SXSW Interview: Director Riley Stearns strikes truth in dark comedy ‘THE ART OF SELF-DEFENSE’


AUSTIN – One of the best films that screened at the South by Southwest Film Festival this year, THE ART OF SELF-DEFENSE (our review), is the latest film written and directed by Riley Stearns (FAULTS). It’s a story about an insecure man named Casey Davies (Jesse Eisenberg) who is savagely beaten on the street by a biker gang and decides to enlist in a loco dojo to take back his dignity.

What could best be described as a bloody cocktail mix of THE LOBSTER and THE KARATE KID, but sent through the filter of a Jody Hill film (OBSERVE AND REPORT), THE ART OF SELF-DEFENSE is a downright side-splitting knock-out from Stearns. It pulls no punches and delivers a darkly funny film about a man wrestling with his own masculinity.

The film premiered on March 10, but if you have a SXSW badge (or are in the Austin, TX, area), you can catch the encore screening of THE ART OF SELF-DEFENSE on March 15 at the Stateside Theatre at the Paramount at 7:45 p.m. Bleecker Street is to release the film later this year (likely summer), but it warrants the trip to see it early amongst fellow movie lovers.

Fresh Fiction sat down with Stearns to discuss his film. We talk about how the worst day of your life can also be the best, the matter-of-fact dialogue and dark humor, and Jesse Eisenberg not being able to keep himself from cracking up during a hilarious monologue.

Our SXSW interview with writer-director Riley Stearns

(The interview above is shot and edited by Chance Maggard.)

The official teaser trailer for THE ART OF SELF-DEFENSE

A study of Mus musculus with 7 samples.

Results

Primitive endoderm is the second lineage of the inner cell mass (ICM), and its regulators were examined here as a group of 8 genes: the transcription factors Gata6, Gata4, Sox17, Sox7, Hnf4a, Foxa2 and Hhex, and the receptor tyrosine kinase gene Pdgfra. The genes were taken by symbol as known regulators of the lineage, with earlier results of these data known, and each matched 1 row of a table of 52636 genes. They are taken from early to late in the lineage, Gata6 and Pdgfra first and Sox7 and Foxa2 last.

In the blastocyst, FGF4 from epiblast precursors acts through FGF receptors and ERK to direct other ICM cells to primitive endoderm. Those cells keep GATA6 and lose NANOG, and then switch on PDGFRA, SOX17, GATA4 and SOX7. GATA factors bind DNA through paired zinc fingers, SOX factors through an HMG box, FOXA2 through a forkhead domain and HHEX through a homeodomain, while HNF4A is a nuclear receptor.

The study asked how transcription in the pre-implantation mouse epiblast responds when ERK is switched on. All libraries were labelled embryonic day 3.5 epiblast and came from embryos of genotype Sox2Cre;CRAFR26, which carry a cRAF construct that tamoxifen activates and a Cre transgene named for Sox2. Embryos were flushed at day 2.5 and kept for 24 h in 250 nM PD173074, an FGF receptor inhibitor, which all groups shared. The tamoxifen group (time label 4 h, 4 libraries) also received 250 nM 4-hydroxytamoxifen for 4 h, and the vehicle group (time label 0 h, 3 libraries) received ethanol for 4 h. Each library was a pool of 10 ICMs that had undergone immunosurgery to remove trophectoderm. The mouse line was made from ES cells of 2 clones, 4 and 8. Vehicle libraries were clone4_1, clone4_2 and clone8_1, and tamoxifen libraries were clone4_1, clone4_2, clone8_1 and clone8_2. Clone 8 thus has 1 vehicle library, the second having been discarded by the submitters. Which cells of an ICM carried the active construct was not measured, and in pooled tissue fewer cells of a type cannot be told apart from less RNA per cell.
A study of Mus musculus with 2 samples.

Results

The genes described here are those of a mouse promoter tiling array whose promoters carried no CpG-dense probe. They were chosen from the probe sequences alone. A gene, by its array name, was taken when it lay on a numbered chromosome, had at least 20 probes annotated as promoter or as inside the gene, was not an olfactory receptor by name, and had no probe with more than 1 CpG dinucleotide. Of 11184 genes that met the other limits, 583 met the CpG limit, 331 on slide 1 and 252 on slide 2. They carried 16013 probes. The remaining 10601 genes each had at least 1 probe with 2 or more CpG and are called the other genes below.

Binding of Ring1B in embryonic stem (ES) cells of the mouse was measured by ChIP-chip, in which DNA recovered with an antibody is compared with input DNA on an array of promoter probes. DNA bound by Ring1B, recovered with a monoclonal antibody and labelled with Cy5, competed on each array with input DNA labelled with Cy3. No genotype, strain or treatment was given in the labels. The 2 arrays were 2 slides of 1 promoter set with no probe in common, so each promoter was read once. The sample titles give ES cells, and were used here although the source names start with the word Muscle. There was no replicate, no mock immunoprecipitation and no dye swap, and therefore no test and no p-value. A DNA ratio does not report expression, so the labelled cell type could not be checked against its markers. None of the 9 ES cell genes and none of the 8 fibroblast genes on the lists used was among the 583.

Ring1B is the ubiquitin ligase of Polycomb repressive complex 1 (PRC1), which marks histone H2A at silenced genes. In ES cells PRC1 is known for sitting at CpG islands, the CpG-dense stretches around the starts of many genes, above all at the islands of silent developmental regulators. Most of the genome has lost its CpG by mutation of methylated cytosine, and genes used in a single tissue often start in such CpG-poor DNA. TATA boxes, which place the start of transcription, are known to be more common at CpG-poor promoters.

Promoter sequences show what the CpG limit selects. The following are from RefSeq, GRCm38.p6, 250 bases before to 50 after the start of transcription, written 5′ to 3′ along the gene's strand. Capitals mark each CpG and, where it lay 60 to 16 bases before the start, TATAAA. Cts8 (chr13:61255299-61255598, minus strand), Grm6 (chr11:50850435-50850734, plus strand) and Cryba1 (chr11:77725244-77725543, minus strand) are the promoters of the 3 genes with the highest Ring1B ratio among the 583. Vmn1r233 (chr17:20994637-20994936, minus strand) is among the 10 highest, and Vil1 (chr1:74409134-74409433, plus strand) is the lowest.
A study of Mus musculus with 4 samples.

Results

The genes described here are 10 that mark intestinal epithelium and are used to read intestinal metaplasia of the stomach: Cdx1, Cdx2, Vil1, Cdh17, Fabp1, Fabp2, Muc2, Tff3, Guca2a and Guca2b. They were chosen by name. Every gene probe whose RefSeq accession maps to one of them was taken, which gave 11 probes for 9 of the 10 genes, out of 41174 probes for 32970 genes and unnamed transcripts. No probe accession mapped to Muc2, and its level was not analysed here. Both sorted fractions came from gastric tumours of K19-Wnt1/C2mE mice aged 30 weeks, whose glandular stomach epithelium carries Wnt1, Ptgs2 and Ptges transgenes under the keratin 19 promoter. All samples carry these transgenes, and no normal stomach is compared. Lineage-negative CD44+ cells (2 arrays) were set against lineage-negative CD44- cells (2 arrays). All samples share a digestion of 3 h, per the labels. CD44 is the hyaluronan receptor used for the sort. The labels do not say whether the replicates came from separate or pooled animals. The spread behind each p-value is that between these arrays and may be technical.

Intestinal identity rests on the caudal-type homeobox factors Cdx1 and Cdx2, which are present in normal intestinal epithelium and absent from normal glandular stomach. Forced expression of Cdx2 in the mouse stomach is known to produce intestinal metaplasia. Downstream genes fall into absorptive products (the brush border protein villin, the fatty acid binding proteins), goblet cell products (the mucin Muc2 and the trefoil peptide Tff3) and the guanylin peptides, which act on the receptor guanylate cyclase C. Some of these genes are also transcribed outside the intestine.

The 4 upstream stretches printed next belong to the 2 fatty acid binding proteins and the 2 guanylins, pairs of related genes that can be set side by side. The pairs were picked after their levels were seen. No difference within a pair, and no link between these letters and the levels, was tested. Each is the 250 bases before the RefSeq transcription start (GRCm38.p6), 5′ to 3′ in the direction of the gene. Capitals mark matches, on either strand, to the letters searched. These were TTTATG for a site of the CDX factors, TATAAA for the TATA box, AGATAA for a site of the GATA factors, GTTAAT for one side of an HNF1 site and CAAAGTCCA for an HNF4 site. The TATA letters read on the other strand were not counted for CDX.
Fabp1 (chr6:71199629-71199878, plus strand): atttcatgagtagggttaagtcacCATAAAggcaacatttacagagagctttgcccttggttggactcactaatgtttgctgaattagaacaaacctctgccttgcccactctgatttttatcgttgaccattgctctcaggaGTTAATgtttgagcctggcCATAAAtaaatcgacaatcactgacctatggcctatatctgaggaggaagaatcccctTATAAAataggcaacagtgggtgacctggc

For more information on the film’s screening at SXSW, visit sxsw.com.

About author

Preston Barta

Hello, there! My name is Preston Barta, and I am the features editor of Fresh Fiction and senior film critic at the Denton Record-Chronicle. My cinematic love story began where I was born: off planet on the isolated desert world of the Jakku system. It's there I passed the time scavenging for loose parts with my good friend Rey. One day I found an old film projector and a dusty reel of the 1975 film JAWS. It rocked my world so much that I left my kinfolk in the rearview (I so miss their morning cups of green milk) to pursue my dreams of writing about film. It wasn't long until I met two gents who said they would give me a lift. I can't recall their names, but one was an older man who liked to point a lot and the other was a tall, hairy fella. They got me as far as one of Jupiter's moons where we crossed paths with the U.S.S. Enterprise. Some pointy-eared bastard said I was clear to come aboard. He saw that I was clutching my beloved shark movie and invited me to the "moving pictures room" where he was screening the 1993 film JURASSIC PARK to his crew. He said my life would be much more prosperous if I were familiar with more work by the god named Steven Spielberg. From there, my love for cinema blossomed. Once we reached planet Earth, everything changed. I found the small town of Denton, TX, and was welcomed into the Barta family. They showed me the writings of local film critic Boo Allen. He became my hero and caused me to chase a degree in film and journalism. After my studies at graduate of the Hogwarts School of Witchcraft and Wizardry, I met some film critics who showed me the ropes and got me into my first press screening: 2011's THE GREEN LANTERN. Don't worry; I recovered just fine. MAD MAX: FURY ROAD was only four years away.